Assessment

Former Atlanta Superintendent’s Lawyers Dispute Cheating Charges

By Lesli A. Maxwell — April 22, 2013 1 min read

Attorneys for Beverly Hall, the former superintendent in Atlanta indicted last month as part of a broad cheating conspiracy in the city’s school system, issued a statement to the media earlier today saying that allegations that the veteran educator sought to inflate test scores so that her annual bonuses would spike are wrong.

According to the Associated Press, Hall’s lawyers today refuted both prosecutors’ and media accounts that have implied that the former superintendent’s half a million dollars in bonuses over a decade were based on test scores in the district. “This is false information or at best misleading since it aggregates Dr. Hall’s approximate bonuses over some ten years,” the lawyers’ statement said, according to the AP. “In any given year, Dr. Hall’s bonus was a small fraction of this amount and was tied to 25 or more performance objectives established by the Atlanta Board of Education.”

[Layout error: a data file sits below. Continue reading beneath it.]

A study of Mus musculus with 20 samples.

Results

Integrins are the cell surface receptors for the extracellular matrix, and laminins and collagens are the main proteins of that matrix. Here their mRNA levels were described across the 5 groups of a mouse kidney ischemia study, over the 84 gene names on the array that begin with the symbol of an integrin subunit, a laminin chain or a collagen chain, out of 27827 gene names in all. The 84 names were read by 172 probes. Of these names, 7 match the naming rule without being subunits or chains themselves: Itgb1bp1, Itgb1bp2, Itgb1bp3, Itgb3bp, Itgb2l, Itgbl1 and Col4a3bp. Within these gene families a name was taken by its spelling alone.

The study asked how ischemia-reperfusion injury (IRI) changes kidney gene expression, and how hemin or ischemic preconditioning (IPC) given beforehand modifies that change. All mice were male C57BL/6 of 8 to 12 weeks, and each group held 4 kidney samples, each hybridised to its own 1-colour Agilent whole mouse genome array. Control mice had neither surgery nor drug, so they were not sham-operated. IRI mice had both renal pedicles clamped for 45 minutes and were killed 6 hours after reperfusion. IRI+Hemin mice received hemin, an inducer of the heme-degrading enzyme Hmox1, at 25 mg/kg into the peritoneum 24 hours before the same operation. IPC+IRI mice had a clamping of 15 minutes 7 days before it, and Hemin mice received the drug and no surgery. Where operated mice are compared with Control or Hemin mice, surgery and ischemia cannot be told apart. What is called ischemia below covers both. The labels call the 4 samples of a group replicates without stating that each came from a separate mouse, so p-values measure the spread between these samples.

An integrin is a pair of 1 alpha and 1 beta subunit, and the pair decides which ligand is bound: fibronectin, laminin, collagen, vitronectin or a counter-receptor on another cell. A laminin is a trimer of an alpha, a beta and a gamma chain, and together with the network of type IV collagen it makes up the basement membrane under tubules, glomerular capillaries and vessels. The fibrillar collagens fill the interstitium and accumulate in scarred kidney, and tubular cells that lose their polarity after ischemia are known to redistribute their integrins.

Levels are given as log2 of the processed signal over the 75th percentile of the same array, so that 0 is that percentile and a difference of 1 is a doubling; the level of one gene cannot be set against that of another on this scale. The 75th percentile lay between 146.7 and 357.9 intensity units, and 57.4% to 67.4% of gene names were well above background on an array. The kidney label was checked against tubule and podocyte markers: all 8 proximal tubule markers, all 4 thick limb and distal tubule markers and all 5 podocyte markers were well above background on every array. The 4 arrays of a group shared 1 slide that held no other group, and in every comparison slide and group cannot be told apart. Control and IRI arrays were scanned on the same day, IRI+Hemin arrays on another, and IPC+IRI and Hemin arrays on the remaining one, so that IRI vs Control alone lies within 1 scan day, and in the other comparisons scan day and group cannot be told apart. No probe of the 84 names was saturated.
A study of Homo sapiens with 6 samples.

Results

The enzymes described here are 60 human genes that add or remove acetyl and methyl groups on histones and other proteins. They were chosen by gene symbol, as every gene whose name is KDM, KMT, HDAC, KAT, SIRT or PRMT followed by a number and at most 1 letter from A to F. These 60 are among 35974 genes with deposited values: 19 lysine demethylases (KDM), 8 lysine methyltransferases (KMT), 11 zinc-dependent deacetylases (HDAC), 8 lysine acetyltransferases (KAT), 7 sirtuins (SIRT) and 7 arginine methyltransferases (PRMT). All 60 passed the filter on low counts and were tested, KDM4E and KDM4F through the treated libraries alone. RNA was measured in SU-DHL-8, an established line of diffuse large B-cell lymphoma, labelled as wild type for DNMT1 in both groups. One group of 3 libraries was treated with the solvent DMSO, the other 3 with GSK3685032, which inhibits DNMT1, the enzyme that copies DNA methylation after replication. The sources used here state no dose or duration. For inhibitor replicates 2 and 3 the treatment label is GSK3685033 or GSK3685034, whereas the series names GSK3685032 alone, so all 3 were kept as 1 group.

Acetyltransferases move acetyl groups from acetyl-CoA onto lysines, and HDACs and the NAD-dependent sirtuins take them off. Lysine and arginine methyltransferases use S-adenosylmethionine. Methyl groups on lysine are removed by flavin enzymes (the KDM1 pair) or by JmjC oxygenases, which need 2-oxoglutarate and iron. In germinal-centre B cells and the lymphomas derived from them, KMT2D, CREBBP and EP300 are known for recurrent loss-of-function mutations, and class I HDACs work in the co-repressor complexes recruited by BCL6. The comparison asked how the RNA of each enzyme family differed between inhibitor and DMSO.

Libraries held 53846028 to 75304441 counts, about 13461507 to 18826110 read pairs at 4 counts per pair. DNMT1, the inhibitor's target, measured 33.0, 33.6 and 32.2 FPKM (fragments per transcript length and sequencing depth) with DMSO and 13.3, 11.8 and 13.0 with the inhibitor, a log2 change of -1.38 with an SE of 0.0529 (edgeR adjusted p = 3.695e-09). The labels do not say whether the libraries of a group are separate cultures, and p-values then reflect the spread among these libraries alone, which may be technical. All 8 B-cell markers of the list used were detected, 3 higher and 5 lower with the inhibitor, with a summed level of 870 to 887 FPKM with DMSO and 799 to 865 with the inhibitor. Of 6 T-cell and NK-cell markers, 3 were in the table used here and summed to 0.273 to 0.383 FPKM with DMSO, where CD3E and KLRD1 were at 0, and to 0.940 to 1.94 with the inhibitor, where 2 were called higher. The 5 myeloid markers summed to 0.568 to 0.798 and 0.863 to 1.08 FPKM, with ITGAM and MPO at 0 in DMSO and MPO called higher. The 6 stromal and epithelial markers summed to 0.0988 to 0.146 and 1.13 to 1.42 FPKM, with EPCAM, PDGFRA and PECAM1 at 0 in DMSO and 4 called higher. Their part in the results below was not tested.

In an interview with Education Week last month, David J. Bailey, one of Hall’s lawyers, said that the former superintendent is innocent of all charges.

A judge has put Hall and 34 other former Atlanta educators who were indicted in the cheating scheme under a gag order. All the defendants are set to be arraigned on May 3.

In the meantime this week, Atlanta students will begin taking Georgia’s Criterion-Referenced Competency Test, the annual standardized test in reading and mathematics, under the tightest security measures the district has ever used, according to the Atlanta Journal-Constitution. Test booklets are sealed and locked in “safe rooms,” which only test coordinators or principals can access. Monitors selected by the district will be in schools on test days to watch out for any testing improprieties and answer sheets will be placed inside envelopes and sealed with tamper-proof tape each day. Live video streams will also feed footage of the school-based safe rooms to the central office.